A Real Pain in my Ass

So, back in November of 2007, I busted my tailbone while refereeing a rollerderby bout. Ouch.

Lately though, in increasing frequency, I’ve been feeling this twinge of pain in my right hip. The trigger is inconsistent, and sometimes it seems to also shoot down my leg, but it’s there. It’s also put a serious damper on my new running initiative.

Well, since reading about it is one thing and actually talking to a professional is entirely another, I saw a doctor yesterday. It would appear that I have sciatica. It’s not severe or a result of a slipped disc, but it’s there. It tends to kick in when I’ve been sitting down for a while (especially if I’ve been slouching), and on the couch we watch tv on, but it could always be worse.

I’ve already started trying to stretch out my hamstrings (they’ve always been super-tight), and I’m also making better notes of my posture. While it wasn’t bad to begin with, it could be better. I’ve started to do that stretch where you lay on your back, and twist your lower body while keeping your back on the ground.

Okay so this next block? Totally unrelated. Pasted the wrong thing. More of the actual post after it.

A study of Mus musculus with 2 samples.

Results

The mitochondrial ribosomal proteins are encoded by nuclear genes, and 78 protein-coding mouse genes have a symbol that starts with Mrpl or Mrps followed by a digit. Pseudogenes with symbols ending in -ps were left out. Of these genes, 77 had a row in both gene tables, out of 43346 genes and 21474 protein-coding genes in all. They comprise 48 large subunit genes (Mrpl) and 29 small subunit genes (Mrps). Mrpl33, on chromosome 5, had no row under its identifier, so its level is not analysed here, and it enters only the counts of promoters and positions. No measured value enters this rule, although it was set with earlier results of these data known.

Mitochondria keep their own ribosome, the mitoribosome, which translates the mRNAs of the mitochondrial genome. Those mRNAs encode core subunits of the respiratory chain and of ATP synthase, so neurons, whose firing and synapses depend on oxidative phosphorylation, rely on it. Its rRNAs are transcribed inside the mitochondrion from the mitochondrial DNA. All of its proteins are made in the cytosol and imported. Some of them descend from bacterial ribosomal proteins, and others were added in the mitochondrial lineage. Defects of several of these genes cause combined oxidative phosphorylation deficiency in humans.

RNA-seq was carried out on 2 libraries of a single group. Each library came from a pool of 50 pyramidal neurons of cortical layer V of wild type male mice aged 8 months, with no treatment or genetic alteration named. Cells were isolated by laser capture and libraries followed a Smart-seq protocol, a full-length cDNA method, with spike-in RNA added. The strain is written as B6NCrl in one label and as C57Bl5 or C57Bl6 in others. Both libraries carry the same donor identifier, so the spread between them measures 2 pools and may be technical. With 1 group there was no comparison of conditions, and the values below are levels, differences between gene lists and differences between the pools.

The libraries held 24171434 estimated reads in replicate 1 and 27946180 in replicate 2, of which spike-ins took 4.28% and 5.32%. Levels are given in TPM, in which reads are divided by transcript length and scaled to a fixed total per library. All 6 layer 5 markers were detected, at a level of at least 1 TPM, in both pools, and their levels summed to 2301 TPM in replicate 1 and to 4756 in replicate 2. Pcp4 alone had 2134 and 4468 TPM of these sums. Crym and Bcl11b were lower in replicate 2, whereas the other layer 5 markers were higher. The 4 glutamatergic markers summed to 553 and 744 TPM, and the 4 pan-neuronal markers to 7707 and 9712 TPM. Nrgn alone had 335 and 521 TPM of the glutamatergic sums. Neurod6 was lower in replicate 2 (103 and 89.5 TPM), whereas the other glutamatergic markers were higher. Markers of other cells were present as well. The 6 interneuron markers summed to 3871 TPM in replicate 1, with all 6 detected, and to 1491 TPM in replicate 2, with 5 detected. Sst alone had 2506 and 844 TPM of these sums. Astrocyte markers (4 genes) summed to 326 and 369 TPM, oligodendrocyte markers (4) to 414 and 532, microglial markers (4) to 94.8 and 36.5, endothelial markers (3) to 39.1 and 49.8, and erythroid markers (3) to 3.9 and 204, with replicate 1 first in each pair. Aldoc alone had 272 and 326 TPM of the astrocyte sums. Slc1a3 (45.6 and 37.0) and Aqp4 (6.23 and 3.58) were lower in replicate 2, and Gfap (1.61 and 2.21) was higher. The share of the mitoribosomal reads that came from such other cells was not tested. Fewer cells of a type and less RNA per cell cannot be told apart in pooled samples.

Soon: crunches and lower-back strengthening will be added to the daily routine. The shitty part is that if I stretch or bend a certain way, I’m aware of my tailbone. It’s not that it hurts, but it almost just feels sore.

Stupid compressed nerves. But, if it’s a reason to improve, then I’ll choose to see the bright side of it.

I think this sums up my take on it (and Global Warming / Environmentalism overall) quite nicely:

And yes, I get the irony that this blog is named Prosthetically Hip, and I now have an “hip issue”.

1 comment

  1. One thing you should pay attention to are your deep 6 lateral rotators. They are 6 very small muscles that hold your femur to your pelvis. In particular, the piriformis muscle can be troublesome with the sciatic nerve, since the sciatic nerve often runs through the muscle. A good massage can loosen it up, and stretching your gluts will help too. With the injury to your tailbone, it’s not surprising that these muscles may have splinted (clenched) in response. The good news is that if it’s not a result of a slipped disc or a structural problem, and simply a result of too tight muscles, you can fully recover from it!